Teach Portsmouth Recruitment Fair looks to attract teachers into city’s schools

ALMOST 100 potential teachers have attended a recruitment fair.

Wednesday, 12th February 2020, 6:00 am
Updated Wednesday, 12th February 2020, 3:11 pm

The Portsmouth Education Partnership (PEP) hosted its largest ever Teach Portsmouth recruitment fair on Tuesday.

The event at Charter Academy in the city saw potential teachers speak with more than 20 exhibitors including primary, secondary and post-16 teacher training providers.

One visitor exploring the possibility of teaching was James Lowry, 29, who was running a recruitment agency.


He said: ‘My whole family are teachers and it would be nice to be in a profession where you can make a real difference.’


Former teacher Natalie Goodson, 34, is looking to get back into the job. She said: ‘I was a GCSE dance teacher for three years before moving out to Dubai.

James Lowry, 29, is considering a career in teaching. Picture: Sarah Standing

‘The most rewarding aspect of the job was seeing children really develop.

‘I’m here today to find out how to get back in after 10 years out of education.’

Portsmouth Teaching School Alliance and Essential Teaching UK offers a path into teaching for people considering a second career.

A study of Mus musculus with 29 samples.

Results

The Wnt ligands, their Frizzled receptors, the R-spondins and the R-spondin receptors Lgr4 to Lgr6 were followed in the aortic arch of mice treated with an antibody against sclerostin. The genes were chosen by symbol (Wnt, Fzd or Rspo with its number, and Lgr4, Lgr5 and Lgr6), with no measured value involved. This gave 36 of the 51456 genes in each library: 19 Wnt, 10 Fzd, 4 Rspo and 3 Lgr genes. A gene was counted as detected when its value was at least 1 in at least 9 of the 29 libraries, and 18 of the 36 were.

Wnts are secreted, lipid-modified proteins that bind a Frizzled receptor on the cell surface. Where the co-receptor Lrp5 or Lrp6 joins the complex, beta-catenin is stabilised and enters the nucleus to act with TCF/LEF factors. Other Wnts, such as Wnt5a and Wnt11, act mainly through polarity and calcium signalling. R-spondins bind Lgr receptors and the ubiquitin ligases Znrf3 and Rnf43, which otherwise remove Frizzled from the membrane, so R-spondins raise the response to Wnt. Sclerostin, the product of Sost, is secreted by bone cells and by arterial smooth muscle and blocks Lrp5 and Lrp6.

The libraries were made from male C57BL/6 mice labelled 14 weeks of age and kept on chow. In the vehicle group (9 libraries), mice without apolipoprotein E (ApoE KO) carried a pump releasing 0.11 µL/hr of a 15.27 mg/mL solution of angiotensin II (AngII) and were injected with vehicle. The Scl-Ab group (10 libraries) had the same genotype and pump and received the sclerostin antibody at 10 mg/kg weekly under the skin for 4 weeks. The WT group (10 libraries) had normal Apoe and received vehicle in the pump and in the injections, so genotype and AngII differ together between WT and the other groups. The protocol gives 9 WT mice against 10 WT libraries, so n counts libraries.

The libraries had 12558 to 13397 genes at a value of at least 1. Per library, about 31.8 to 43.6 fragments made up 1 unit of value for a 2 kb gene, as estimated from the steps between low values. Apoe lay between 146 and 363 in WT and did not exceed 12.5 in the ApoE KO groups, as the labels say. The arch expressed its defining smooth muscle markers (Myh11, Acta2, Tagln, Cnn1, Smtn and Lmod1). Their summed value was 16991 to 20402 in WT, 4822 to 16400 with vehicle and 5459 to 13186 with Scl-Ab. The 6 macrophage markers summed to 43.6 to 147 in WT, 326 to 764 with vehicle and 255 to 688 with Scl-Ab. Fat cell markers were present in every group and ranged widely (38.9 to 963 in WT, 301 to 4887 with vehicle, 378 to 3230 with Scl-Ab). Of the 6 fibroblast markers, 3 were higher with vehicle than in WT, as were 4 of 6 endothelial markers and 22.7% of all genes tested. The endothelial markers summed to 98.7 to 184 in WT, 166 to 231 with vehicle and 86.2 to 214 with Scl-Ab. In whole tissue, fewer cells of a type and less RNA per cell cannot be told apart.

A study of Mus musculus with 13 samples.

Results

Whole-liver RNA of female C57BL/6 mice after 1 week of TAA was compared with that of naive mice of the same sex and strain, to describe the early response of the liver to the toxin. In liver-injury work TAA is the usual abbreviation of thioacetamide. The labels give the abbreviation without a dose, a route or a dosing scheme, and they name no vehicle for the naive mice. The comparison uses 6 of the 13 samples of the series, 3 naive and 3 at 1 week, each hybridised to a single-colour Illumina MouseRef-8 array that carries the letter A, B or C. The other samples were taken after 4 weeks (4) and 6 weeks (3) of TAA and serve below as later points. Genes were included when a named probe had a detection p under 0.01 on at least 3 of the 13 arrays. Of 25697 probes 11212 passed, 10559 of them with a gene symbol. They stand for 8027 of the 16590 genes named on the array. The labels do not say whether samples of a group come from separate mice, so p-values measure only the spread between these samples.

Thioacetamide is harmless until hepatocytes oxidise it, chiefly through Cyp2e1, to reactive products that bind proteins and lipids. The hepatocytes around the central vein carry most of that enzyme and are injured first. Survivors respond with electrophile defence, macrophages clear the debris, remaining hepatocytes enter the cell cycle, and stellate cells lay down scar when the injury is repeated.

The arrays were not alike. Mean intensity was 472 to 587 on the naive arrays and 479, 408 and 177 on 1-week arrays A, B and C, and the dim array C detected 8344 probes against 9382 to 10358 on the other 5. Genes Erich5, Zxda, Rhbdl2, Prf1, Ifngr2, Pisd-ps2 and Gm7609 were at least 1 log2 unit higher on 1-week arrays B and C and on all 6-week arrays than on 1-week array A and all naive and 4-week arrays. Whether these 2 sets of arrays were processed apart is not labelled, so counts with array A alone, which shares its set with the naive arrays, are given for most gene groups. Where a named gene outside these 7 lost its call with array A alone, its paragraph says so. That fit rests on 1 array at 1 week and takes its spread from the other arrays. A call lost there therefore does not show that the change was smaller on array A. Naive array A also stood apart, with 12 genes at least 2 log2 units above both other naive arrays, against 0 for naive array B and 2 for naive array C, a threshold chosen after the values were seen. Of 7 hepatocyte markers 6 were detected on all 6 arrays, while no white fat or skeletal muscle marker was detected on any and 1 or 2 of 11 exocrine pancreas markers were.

One of the alliance’s successful graduates was Mike Richard, who was at the fair. Now in his third year as a teacher at Portsmouth Academy he did not start teaching maths until he was 55.

The Teach Portsmouth Recruitment Fair was looking to attract new and returning teachers into the profession. Picture: Sarah Standing

Mr Richard said: ‘I used to work in the defence industry.

‘On a good day teaching can be incredibly rewarding. I had a lesson today which was very challenging and I wasn’t sure some of the children would get it.

‘Seeing their faces when they actually did solve the task was truly amazing.’

Maths, sciences, modern languages and religious education vacancies need to be filled in secondary schools.

Primary schools need more maths and science teachers.

Fiona Calderbank, executive headteacher at Miltoncross Academy, added: ‘Portsmouth mirrors the national situation where there’s a real shortage in the sciences, maths and English.

‘We host people on taster sessions and find it really gets them hooked.’

PTSA course director Lynn Nicholl has overseen 130 teachers into Portsmouth schools. She said: ‘To succeed you need to have a real passion and love for your subject as well as being a good communicator.’